What has impressed me most about the Criterion Collection over the years is how the company strives to do more than just provide viewers with copies of films. They endeavor to honor the art and craft of filmmaking by offering features that showcase the work and the people responsible for it. Some releases are so comprehensive they come across as miniature independent study courses. Stanley Kubrick's 'The Killing', his third feature as a director, is indicative of Criterion's thoroughness, because the inclusion of his second feature 'Killer's Kiss' allows viewers to see his growth and maturation as an artist.
'The Killing' was the first in a trio of films where Kubrick worked with producer James B. Harris. Their partnership also produced 'Paths of Glory' and 'Lolita' with Kubrick stepping away in between to direct 'Spartacus' at Kirk Douglas' request after original director Anthony Mann was fired after the first week of shooting. 'The Killing' is an adaptation of Lionel White's crime novel "Clean Break" with Kubrick and author Jim Thompson working on the script, though Thompson is given the odd credit of "Additional Dialogue By".
The film introduces a number of guys down on their luck in Los Angeles. Randy (Ted de Corsia) is a cop who owes money to a loan shark. George (Elisha Cook Jr.) is a racetrack cashier and a henpecked husband whose bored wife Sherry (Marie Windor) nags at him, but she's not completely bored as she's seeing Val (Vince Edwards) on the side, a guy who only has time for her when he has time for her. Mike (Joe Sawyer) is a bartender at the track and has to deal with a sick wife.
The ringleader of the operation is Johnny (Sterling Hayden). He's been in jail the past five years, but he has a plan to rob the racetrack and start a new life with his girl Fay (Coleen Gray). It also requires he hire a couple of guys to help create diversions. Nikki (Timothy Carey, doing what appears to be a Kirk Douglas imitation from the way he clenches his jaw) is a sharpshooter stationed outside the track and Maurice (wrestler Kola Kwariani) is muscle who takes a seat at the track bar.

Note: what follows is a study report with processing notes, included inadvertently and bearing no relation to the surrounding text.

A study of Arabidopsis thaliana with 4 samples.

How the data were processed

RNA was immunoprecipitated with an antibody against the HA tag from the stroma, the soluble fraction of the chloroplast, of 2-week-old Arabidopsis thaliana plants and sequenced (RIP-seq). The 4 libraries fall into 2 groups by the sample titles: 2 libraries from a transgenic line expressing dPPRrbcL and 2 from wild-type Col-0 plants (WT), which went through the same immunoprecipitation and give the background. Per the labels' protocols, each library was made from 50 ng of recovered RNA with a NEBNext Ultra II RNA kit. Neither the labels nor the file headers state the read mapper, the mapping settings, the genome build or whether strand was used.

Johnny's plan was well constructed and ran like clockwork. In fact it was so precise, Kubrick stops using a linear narrative once it's in motion and jumps around in time as he follows the different members of the team individually during their assignments. Unfortunately for the men, as often happens, pride leads to the fall. There are three instances where the wrong choice is made and almost everyone suffers for it.
'The Killing' also runs like Swiss watch because of Kubrick's planning. The script is well paced. Not a scene feels like filler and the characters, though familiar to film noir, were believable as were the choices they made. The cast is made up of great character actors. It's a very entertaining piece of '50s film noir.
The Blu-ray: Vital Disc Stats
'The Killing' (#575 in The Criterion Collection) is a 50GB Region A Blu-ray disc in a clear keepcase. The discs boot up directly to the menu screen without any promotional advertisements. Included is 20-page illustrated booklet containing Haden Guest's essay "Kubrick's Clockwork" and a short interview with Marie Windsor for the fall 1992 issue of "The Perfect Vision".
The video has been given a 1080p/AVC-MPEG-4 encoded transfer displayed at 1.66:1. The liner notes state a "new digital transfer was created in 2K resolution from the original 35 mm camera negative."
Except for the print damage seen in race track footage during the opening title sequence, which may have been stock footage, the image looked clean throughout. This is due in part to restoration work done using MTI's DRS system, Pixel Farm's PFClean system, and Digital Vision's DVNR system. Blacks are inky and don't crush. Very good variation can be seen across the gray scale, leading to strong contrast and great shadow delineation. Fine textures can be seen, from details in faces, clothing, and even wrinkles on a cigarette. The film also exhibits good depth throughout.
Only a couple of minor negatives to report. A slight bit of aliasing is noticeable on George's jacket while he awaits Johnny's arrival with the loot. Some of the light sources within a scene are bright and cause banding.
The audio is available in English LPCM 1.0 and was remastered at 24-bit from the original 35 mm soundtrack print. The use of Pro Tools HD and AudioCube's integrated workstation has created a track that shows little signs of wear over time.
The mono track offers limited dynamics. Dialogue is clear and understandable, except Maurice on occasion but that's due to his Eastern European accent. A jazz score can be heard running underneath. Effects are probably the weakest element as their phoniness becomes evident on occasion like the talking parrot's voice or a gunshot that is pitched way to high. But they aren't all bad as planes can be heard flying overhead during the airport scene. The LFE doesn’t get much use.
Considering the hit or miss way MGM has been handling their catalog titles, Kubrick fans should rejoice that the Criterion Collection was able to license 'The Killing' and create such a fantastic release. It's a thrilling crime movie that has benefited from the digital restoration it received. The inclusion of 'Killer's Kiss' makes it a must-own for Kubrick fans.